Teaching Your Dog To Wave:
This is a bit more of a complex trick which is usually easier to teach your dog after he has learned and can comfortably do the shake hands trick. The ‘wave’ trick can be achieved through the following steps:
• Ensure that your dog is focused on the exercise. You can get your dog’s attention by use of a treat (food), finger snap or merely calling out his name. When you finally get his full attention, you can now start the training.
• This trick should assume the same movement as that of the shake. You should start by stretching out your hand to the dog as if you want to shake his paw. Immediately, say ‘shake’ and automatically the dog will extend its paw. When this happens, don’t give him your hand but rather stop short and just leave him to continue trying to shake. He will search around with the paw for your hand thereby creating the foundation for the ‘wave’.
• After all that, you are supposed to have your dog understand the ‘wave’ instruction. When your dog is in the process of searching around for your hand, say “wave” and let him know that this is the gesture you are requesting from him as you praise him for it.
• After praising him with a treat and by word of mouth, you repeat it and each time he begins to wave, reward him with his favorite treat to encourage repetition of the same. You can also involve some play around the gesture if your dog likes to play. The most important thing here is to ensure you associate the instruction ‘wave’ with a lot of encouragement. When you do this activity a number of times during the day, a pattern will be created. It’s therefore crucial that you repeat it to make it easy for the dog to know when to wave upon request. Practice makes perfect so make sure you repeat it in a routine while making sure to be patient.
Teaching Your Dog To Jump :
Through A Hoop If you want one cool trick which is not only fun to teach and show off with your dog, but also a sure way to keep your dog healthy and have great physical abilities, then you should try this trick. The supplies you will need to start include:
• A hula-hoop, which doesn’t make any noise without any beads or things hanging from it.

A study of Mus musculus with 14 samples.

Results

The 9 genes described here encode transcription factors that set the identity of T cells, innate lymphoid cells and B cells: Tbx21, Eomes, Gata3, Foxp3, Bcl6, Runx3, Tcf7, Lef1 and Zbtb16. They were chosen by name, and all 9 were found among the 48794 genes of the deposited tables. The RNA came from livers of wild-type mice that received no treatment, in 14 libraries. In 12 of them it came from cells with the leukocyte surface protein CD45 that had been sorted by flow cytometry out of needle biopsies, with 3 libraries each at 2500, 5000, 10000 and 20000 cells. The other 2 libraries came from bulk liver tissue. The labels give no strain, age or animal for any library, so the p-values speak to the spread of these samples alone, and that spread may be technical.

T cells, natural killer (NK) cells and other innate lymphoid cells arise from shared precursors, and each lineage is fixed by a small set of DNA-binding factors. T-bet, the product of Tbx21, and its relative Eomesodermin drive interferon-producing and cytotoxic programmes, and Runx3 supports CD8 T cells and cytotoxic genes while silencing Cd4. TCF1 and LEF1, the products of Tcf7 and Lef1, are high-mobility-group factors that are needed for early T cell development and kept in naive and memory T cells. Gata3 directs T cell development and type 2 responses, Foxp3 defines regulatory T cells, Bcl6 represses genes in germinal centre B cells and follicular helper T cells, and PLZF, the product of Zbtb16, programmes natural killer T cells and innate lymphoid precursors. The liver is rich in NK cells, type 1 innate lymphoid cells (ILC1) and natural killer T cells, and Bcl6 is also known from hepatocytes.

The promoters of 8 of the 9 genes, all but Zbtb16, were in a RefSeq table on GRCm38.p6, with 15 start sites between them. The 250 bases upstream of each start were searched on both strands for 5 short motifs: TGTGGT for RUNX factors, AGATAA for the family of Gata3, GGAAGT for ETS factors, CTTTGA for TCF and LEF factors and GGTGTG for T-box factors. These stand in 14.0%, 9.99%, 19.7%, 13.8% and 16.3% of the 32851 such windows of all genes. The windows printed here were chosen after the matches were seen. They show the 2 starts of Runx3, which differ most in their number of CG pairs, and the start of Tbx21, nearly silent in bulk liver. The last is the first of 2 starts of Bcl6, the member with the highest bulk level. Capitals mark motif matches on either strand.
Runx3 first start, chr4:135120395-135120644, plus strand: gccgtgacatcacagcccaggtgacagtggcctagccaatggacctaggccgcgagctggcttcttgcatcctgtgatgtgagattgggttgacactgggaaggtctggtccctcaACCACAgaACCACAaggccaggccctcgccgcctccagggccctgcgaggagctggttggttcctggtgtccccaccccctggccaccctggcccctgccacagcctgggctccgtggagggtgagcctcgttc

• A special treat that you will only use for this trick.
Before you begin the training, you have to find an area where your dog is most comfortable. You will also have to get rid of all distractions such as noise. Once the venue is ready, bring your dog there and give him some time to relax.
• Start by holding the hoop still with one hand while making sure the bottom touches the ground. The other hand should hold the treat.
• Try to lead the dog through the hoop to get to the treat on the other side. Make sure you only reward him with the treat when he walks
through the hoop. Repeat the above steps again and again. If the dog responds well, lift the loop about two inches above the ground and try to lead him into the hoop using the treat.
• Just like in the first step, only give the treat after the dog successfully jumps through the hoop. If you realize that your dog isn’t responding to the training, return the hoop back on the ground and repeat the first step again and again until he responds. Go back to lifting the hoop and give it another try. If he does it correctly, give him a treat and praise him.
• Slowly, lift the hoop higher and see how well he does. However, don’t lift the hoop higher than 2.5 inches, save that for an advanced training session. Don’t overwork your dog unless you want him to hate the trick… or even worse, develop leg problems.
Teaching Your Dog to Roll Over :
This trick is best taught to a dog that is able to sit and lie down when instructed to do so. This command is much more complex than many other commands which I have already discussed in this book. Therefore, it would require a lot of patience to manage. The following is how to teach your dog this trick:
First, you will require a soft area for the dog to practice, some treats, and a clicker, which is very important in this training.
• Begin by giving your dog the “down” command. He will lie down and wait.
• Bring a treat straight to his nose, let him sniff it and immediately move it towards his shoulder. The objective is to lure him to turn his head, and follow the treat. If he does this, keep on moving the treat around his shoulder so that he has to roll over to follow it. Once he makes a complete roll, click the clicker and give him the treat. It is common to find many dogs finding it difficult to roll over at the beginning of the training sessions. Therefore, if you find your dog having problems with rolling over but using other means such as jumping, wiggling, or merely moving his head around to get the treat, reduce his training into smaller parts:
• As your dog is lying down, bring a treat up to his nose and slowly move it towards his shoulder. Just when he turns his head, press the clicker and praise him. Also, give him the treat. Make sure you practice this again and again until your dog is consistently turning his head.
• Next, you can try to stop giving him treats for turning his head. Focus on giving him treats only when he turns his head in a way that makes him appear to be lying on his side.
• After that, advance to giving him praises and treats only when he totally lies on his side. This will enable you to detect and choose your dog’s movements which bring him closest to rolling over thereby enabling you to lure him to turn over to his other side.
There are quite a number of dogs which can be very resistant when it comes to lying on their backs and exposing their stomachs. Try to get these kinds of dogs having fun during the training session, so that they loosen up and have a good time. It’s also very important to maintain a calm voice during the session. Finally, make your sessions as brief as possible, so your dog doesn’t become frustrated. A fifteen-minute training session is ideal for teaching your dog this trick.